Most people living in aged care have lived long full lives, however, irrespective of their age, that does not always mean their deaths are timely.

Death is not uncommon in aged care. Especially since a large portion of aged care residents are frail and may have ill health.

And yet, there is such a thing as “dying early” in aged care.

A new research paper, published in the Medical Journal of Australia, has showed some alarming statistics regarding premature deaths in aged care.

Between 2000 and 2013, there were over 21,000 aged care residents who died in care. And of them 15.2% died due to “external causes”.

What this means is that they didn’t die of old age or succumb to disease or ill health.

These are deaths that occurred due to accidents, violence, abuse or suicide – all of which are preventable.

Cases of abuse in aged care made headlines earlier this year. This was such in South Australia’s Oakden facility where it was reported that there was abuse and neglect of patients dating back 10 years.

Another particularly concerning find in the study was that the annual number of “external cause” deaths in nursing homes increased over the past decade, during the time of the study.

From 2001-02, it was 1.2 resident deaths per 1000 admissions. However, by 2011-12 there were 5.3 resident deaths for every 1000 admissions.   

The most common external cause of death were falls – 2,679 of the 3,289 “external cause” deaths were from falls. That’s 81.5%.

Falls are commonly associated with the elderly, but it is not a natural part of getting older. Falls can be prevented if the right precautions are taken.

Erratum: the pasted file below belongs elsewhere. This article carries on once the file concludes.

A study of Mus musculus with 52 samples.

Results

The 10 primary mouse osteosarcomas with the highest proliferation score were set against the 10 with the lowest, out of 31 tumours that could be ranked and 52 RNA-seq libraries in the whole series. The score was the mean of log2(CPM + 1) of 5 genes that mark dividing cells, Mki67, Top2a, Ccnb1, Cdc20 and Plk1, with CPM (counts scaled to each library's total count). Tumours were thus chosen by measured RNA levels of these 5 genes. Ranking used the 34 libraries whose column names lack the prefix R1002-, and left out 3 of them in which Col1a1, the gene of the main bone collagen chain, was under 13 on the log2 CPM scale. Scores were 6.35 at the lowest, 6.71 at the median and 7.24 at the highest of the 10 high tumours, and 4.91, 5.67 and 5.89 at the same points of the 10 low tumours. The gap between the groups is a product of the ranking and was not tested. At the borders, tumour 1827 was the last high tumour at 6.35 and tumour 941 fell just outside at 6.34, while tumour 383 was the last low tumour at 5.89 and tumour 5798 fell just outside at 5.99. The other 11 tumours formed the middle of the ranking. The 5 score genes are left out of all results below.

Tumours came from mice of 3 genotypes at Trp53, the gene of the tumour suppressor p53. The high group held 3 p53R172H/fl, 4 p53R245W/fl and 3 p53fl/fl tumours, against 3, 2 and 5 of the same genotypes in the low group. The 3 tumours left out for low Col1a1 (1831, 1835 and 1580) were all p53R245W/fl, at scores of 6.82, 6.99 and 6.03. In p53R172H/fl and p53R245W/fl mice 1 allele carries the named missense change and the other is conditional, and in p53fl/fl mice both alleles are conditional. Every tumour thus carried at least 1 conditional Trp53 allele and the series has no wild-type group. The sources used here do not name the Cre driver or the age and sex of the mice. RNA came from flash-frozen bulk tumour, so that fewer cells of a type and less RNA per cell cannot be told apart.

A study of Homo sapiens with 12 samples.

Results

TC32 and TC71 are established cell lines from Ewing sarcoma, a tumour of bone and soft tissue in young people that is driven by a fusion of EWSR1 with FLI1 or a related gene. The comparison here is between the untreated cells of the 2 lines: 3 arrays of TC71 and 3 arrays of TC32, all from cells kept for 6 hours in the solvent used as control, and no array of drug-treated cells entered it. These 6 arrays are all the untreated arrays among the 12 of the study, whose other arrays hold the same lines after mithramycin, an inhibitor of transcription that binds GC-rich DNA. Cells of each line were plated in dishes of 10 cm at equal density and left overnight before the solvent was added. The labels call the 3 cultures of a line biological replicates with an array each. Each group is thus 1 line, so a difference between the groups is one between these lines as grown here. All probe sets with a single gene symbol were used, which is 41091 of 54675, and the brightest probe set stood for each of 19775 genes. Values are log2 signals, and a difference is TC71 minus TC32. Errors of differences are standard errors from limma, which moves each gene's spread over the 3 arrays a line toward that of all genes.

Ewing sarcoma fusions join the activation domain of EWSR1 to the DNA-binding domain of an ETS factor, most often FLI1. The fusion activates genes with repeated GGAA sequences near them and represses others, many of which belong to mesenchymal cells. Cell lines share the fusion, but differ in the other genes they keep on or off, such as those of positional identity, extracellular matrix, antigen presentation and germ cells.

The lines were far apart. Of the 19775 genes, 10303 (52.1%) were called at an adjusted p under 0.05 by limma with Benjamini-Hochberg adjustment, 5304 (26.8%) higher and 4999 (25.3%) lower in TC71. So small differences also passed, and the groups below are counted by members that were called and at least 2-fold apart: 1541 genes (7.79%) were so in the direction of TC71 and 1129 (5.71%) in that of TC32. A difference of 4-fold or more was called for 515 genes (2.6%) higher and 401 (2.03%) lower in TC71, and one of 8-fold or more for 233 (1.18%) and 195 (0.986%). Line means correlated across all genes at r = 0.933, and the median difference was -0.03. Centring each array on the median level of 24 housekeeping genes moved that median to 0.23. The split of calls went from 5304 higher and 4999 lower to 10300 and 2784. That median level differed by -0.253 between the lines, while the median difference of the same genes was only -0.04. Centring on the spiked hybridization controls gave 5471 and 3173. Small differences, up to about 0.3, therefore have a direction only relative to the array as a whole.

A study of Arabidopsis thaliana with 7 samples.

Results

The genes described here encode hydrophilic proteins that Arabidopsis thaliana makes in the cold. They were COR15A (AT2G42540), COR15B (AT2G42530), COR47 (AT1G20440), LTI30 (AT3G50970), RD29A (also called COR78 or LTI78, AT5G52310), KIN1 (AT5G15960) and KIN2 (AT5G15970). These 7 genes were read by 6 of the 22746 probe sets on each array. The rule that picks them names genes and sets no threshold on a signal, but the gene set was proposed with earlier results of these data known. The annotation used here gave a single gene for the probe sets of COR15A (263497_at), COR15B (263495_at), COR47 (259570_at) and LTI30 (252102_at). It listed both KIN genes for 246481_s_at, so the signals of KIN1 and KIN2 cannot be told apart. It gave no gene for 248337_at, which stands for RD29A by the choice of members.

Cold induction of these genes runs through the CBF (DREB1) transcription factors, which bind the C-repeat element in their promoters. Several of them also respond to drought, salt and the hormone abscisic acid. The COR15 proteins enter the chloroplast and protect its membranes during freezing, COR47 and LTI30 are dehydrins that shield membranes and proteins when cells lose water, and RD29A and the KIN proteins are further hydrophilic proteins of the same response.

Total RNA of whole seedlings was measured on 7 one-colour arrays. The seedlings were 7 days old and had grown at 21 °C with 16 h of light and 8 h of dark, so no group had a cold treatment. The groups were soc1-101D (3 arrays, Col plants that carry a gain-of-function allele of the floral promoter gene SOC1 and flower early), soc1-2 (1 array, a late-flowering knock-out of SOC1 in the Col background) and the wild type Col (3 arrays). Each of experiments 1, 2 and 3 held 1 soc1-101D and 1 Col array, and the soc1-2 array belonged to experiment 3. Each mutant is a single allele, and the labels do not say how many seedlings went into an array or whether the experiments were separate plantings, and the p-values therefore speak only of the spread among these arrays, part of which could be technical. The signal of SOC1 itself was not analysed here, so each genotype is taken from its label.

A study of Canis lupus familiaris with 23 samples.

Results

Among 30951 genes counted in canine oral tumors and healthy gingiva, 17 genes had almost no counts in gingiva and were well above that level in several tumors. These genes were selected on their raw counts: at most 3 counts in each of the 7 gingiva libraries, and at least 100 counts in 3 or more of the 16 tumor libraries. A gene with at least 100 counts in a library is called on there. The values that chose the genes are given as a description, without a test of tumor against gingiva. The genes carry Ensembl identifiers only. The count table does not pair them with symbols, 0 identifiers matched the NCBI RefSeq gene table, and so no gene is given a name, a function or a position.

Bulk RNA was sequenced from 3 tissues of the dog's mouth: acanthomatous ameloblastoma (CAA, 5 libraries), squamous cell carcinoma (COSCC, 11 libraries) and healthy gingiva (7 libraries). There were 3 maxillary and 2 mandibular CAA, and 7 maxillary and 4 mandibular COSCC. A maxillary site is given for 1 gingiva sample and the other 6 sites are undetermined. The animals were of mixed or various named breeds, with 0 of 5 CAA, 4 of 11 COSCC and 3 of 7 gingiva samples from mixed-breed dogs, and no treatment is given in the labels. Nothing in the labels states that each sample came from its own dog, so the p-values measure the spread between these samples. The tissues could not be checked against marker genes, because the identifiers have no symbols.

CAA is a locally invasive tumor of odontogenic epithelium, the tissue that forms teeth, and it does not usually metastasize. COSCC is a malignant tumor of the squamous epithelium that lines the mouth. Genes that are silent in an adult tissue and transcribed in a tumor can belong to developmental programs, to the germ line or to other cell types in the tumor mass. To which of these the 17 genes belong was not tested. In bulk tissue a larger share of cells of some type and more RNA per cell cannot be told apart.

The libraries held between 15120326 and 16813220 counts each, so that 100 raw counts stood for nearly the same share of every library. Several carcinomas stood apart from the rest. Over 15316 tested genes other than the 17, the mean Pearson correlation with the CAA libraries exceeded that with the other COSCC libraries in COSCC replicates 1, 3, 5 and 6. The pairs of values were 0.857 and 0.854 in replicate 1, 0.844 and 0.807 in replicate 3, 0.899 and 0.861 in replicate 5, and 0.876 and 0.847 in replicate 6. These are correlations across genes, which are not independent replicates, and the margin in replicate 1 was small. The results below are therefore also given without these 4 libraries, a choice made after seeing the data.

Following falls, it was reported that the next most common were 261 cases of fatal choking and 146 suicides.

Most of these deaths, 67.1% of them, occurred outside of aged care facilities – usually in hospital, which means only a little more than 30% of the residents died at their facility. That said the vast majority of the causes that lead to hospitalisation were a direct result of incidents in the aged care facility. Approximately 95.8% of the “eternally caused” deaths happened because of incidents that happened in care.

This suggests that a large portion of residents are able to be transferred to hospital after the event but their injuries are too severe to recover from. But the root of the problem is within aged care.

What these new finding have done is established how people die in care. It has brought particular focus on preventable deaths and things that aged care staff should be working to focus on.

There is a call for more fall prevention precautions, better dementia care, as well as mental health support to prevent suicides.

There are multiple government bodies that oversee aged care, which include the Australian Aged Care Quality Agency, the Aged Care Complaints Commissioner and the Health Department, but none are responsible for reducing preventable harm by improving practice.

Earlier this month, the Federal Minister for Aged Care, Ken Wyatt, appointed a new panel to review National Aged Care Quality Regulatory Processes so that they become more efficient at recognising poor care and abuse.

Preventable deaths start at the aged care facility, and better detecting where these accidents and abuses happen and how they occur will help in preventing more from happening in the future.

A large part of offering a better quality of care, is ensuring that residents feel safe and to reassure families that no harm will come to their loved ones.